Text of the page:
Already two decades ago it has been postulated that site-specific aspects of salivary fluoride clearance may have important implications for the site-specificity of oral diseases . It is now well known that at least three factors are influencing this site-specificity of oral pathobiology: the different local composition and pathogenicity of oral biofilms (local microbiome), the site-specific host response towards bacterial phylotypes as commensals or pathogens (local immunity), and finally, the individual variability of salivary and plaque clearance of fluoride.
Whereas the first two factors are exclusively in the focus of basic research, the kinetics of fluoride in oral fluids are rather well documented. This is the reason why clinical recommendations for the treatment of incipient caries lesions or for the stagnation of lesions can be concluded. Therefore, the bioavailability of fluoride in saliva, and consequently in plaque fluid plays a crucial role in preventing a net mineral deficit in enamel, cementum and dentin due to caries challenge.
Bioavailability of fluoride is dependent upon various factors such as fluoride administration [2–7], fluoride formulation, and salivary secretion rate [8–11]. Fluoride bioavailability in plaque may also be influenced by the compounds of the administered fluoride source. Recently it has been demonstrated, that e. g. sodium lauryl sulphate changes the structure of plaque biofilms which may have an effect on fluoride uptake or release . Several studies have demonstrated, that salivary fluoride concentration increases dramatically after fluoride administration either after tooth brushing or mouth rinsing with fluoridated products, but is back to the baseline level two hours after fluoride administration [4, 9, 13, 14].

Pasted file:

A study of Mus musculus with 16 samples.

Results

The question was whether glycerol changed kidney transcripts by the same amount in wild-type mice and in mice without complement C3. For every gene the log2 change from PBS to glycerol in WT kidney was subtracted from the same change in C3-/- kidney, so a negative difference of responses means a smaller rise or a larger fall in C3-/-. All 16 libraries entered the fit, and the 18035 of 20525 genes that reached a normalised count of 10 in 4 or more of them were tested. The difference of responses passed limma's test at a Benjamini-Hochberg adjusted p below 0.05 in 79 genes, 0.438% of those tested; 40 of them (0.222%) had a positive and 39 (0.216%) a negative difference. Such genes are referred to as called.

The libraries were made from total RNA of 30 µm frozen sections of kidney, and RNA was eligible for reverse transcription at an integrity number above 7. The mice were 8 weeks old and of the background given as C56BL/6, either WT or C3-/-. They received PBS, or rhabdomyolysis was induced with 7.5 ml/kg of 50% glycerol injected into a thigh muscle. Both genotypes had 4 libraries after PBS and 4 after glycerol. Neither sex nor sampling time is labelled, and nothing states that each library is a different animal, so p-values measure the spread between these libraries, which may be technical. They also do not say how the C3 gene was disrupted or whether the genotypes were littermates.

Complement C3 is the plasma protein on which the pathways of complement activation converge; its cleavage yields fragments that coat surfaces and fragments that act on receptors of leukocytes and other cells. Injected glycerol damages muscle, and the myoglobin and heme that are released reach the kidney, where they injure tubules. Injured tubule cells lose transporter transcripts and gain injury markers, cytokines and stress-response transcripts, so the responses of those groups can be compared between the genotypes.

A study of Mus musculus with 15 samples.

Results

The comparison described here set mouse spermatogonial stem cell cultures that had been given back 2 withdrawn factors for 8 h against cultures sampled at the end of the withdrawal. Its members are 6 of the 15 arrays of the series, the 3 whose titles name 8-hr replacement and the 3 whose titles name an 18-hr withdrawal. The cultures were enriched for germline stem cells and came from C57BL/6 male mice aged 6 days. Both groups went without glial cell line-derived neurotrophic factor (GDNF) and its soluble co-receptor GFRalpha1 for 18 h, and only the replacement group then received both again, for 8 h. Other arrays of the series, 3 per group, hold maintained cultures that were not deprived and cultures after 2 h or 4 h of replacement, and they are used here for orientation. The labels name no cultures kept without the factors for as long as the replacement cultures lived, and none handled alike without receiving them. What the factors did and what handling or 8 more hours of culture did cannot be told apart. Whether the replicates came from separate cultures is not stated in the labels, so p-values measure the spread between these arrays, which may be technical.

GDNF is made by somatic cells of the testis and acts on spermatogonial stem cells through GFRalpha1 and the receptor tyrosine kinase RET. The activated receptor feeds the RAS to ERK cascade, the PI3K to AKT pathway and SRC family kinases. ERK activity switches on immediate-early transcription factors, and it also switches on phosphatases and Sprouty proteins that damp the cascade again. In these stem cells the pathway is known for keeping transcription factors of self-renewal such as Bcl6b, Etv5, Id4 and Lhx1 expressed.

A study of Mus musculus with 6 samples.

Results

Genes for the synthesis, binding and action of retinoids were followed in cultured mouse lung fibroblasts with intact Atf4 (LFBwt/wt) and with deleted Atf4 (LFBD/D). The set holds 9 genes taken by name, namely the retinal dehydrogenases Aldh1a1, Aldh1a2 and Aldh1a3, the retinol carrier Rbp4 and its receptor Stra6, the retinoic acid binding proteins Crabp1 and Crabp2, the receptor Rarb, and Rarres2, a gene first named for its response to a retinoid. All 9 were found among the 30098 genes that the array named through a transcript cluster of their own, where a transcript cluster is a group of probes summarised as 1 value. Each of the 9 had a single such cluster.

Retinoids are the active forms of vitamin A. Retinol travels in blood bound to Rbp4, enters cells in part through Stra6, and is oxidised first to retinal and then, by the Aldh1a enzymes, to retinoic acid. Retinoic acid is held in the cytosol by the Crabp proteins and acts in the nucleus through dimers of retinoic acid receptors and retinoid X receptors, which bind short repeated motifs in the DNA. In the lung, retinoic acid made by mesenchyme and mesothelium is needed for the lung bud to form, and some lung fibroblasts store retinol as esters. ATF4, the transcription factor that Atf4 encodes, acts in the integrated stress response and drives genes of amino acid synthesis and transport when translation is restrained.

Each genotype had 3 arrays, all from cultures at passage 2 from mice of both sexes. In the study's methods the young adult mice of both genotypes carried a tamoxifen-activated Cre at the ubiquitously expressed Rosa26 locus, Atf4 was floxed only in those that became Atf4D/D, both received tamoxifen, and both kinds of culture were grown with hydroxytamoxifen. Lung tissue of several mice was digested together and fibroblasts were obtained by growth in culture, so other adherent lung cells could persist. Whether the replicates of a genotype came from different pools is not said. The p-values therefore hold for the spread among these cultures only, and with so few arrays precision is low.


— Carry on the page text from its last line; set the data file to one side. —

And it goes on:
Fluoride concentration in saliva is the source for the fluoride delivery to dental plaque. Recently it has been demonstrated that elevated fluoride products like dentifrices with 5000 ppm NaF or amine fluoride [10, 15] or oral hygiene tablets directly dissolved in saliva with 4350 ppm NaF enhance remineralization of advanced enamel lesions  and result in increased bioavailability of fluoride in saliva . Application of high concentrations of fluoride leads to the formation of a CaF2 layer on the enamel surface. It has been reported that this CaF2 layer dissolves rapidly and releases bioavailable fluoride .
No calcium-fluoride-like deposits were detected in plaque shortly after a NaF mouth rinse , and the authors concluded that the inability to form more persistent CaF2 deposits may account for the rapid loss of fluoride in plaque after the use of topical fluoride agents. Concerning the plaque clearance of fluoride representing consequently the F- bioavailability over the day and night time rather controversial results have been reported: An experimental ex-vivo study demonstrated a rapid and very substantial uptake of fluoride by plaque after exposure to 1000 ppm NaF immersion , whereas from an in-vivo study it was concluded that elevated salivary fluoride concentrations were not reflected in dental plaque, measured 6 h after brushing (1400 ppm fluoride) and rinsing (250 ppm fluoride) . Other data demonstrated after one hour post brushing (1074 ppm fluoride) a rapid fluoride uptake and 12 hours later a clearance back to the placebo levels . More detailed fluoride kinetics data in dental plaque are missing.
As fluoride binding to the plaque reservoirs and the release from the reservoir is rather complex, the source of the fluoride may play an important role. It is well known that different fluoride formulations lead to different salivary fluoride concentrations after tooth brushing . NaF is instantly dissociating in saliva. Sodium monofluorphsphate (NaMFP) requires hydrolysis to release free fluoride ions , and amine fluoride may bind to organic constituents in saliva and plaque and releases fluoride slower than the other two. Higher fluoride concentrations may result in the formation of a CaF2 layer on the enamel surface which also may serve as fluoride reservoir . The different dissolution properties may lead to different fluoride concentrations in plaque, consequently affecting the caries protective effect of plaque fluoride content.
It was, therefore, the aim of the present investigation to follow up the fluoride bioavailability in whole saliva and in individual plaque samples from baseline immediately after tooth brushing and up to 360 minutes, to compare a NaF formulation dissolved directly in saliva with an amine fluoride dentifrice formulation. The null hypothesis that there is no difference in the fluoride bioavailability after NaF or amine fluoride application was tested.